Wall Street is a tricky place. It is a tightly wound, high-stakes industry that faithfully abides by its professional (and oftentimes unspoken) "do's" and "dont's."
For example, during a Wall Street job interview, an applicant should be assertive, professional, use only the industry approved terms, and dress appropriately. An applicant should not seem overeager and should make sure to give the appearance of being completely interested in that job only.
Pretty much like any interview, right?
Not really. If you make a big mistake in just any regular interview, you may not be as likely to become the butt of an industry-wide joke for having violated the sacred "do's" and "don'ts."
What should you not do?
Do not do what this soon-to-be graduate from the University of Pennsylvania did. Don’t carpet-bomb potential Wall Street employers with a rushed, un-proofread, generic e-mail asking for a job:
Click on the image for a larger version:
In the e-mail, the student writes:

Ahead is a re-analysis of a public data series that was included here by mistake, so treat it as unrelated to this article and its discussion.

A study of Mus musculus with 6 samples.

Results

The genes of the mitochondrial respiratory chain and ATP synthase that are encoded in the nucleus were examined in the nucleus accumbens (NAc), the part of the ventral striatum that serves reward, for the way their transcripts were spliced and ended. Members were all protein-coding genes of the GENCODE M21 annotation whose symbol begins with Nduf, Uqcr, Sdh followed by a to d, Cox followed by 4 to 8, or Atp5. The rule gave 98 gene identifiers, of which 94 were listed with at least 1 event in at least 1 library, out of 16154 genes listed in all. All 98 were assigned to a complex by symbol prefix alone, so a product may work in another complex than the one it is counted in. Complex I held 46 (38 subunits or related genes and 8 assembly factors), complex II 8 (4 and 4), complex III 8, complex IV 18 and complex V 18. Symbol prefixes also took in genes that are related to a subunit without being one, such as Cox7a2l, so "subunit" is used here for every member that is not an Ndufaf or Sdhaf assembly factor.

My name is ______ and I will be graduating from the University of Pennsylvania this May. I am very interested in investment banking upon graduation and I wanted to know if your firm would be hiring analysts this coming summer. I know you are busy and would appreciate any time you could give me. Thank you in advance and I hope to hear from you soon. My rsum is attached.
First of all, Bcc if you want to include multiple contacts. Many recruiters will immediately mark an e-mail as spam if it seems like it had little effort put into it (especially if it has the appearances of being a one-size-fits-all message).
Secondly, make sure your spelling is correct. Not many employers are interested in an applicant's "rsum." That will disqualify any candidate on the spot with no questions asked.
To be fair, it seems that it was out of carelessness rather than sheer stupidity that the email was sent. Scrambling to correct his error, the student quickly sent out an email apologizing for the major faux pas:
Good for him.
Although he tried to correct his error, the banking industry is infamous for being unforgiving and brutal on people who make these kind of mistakes. As a result of the mass e-mailing, the student's job request has been "making the rounds" with "everyone . . . mocking him," reports Business Insider.
Hopefully, he will have better luck elsewhere.
Update: How ironic. There was a typo in the original version of this story that has since been identified, caught and liquidated. Thank you.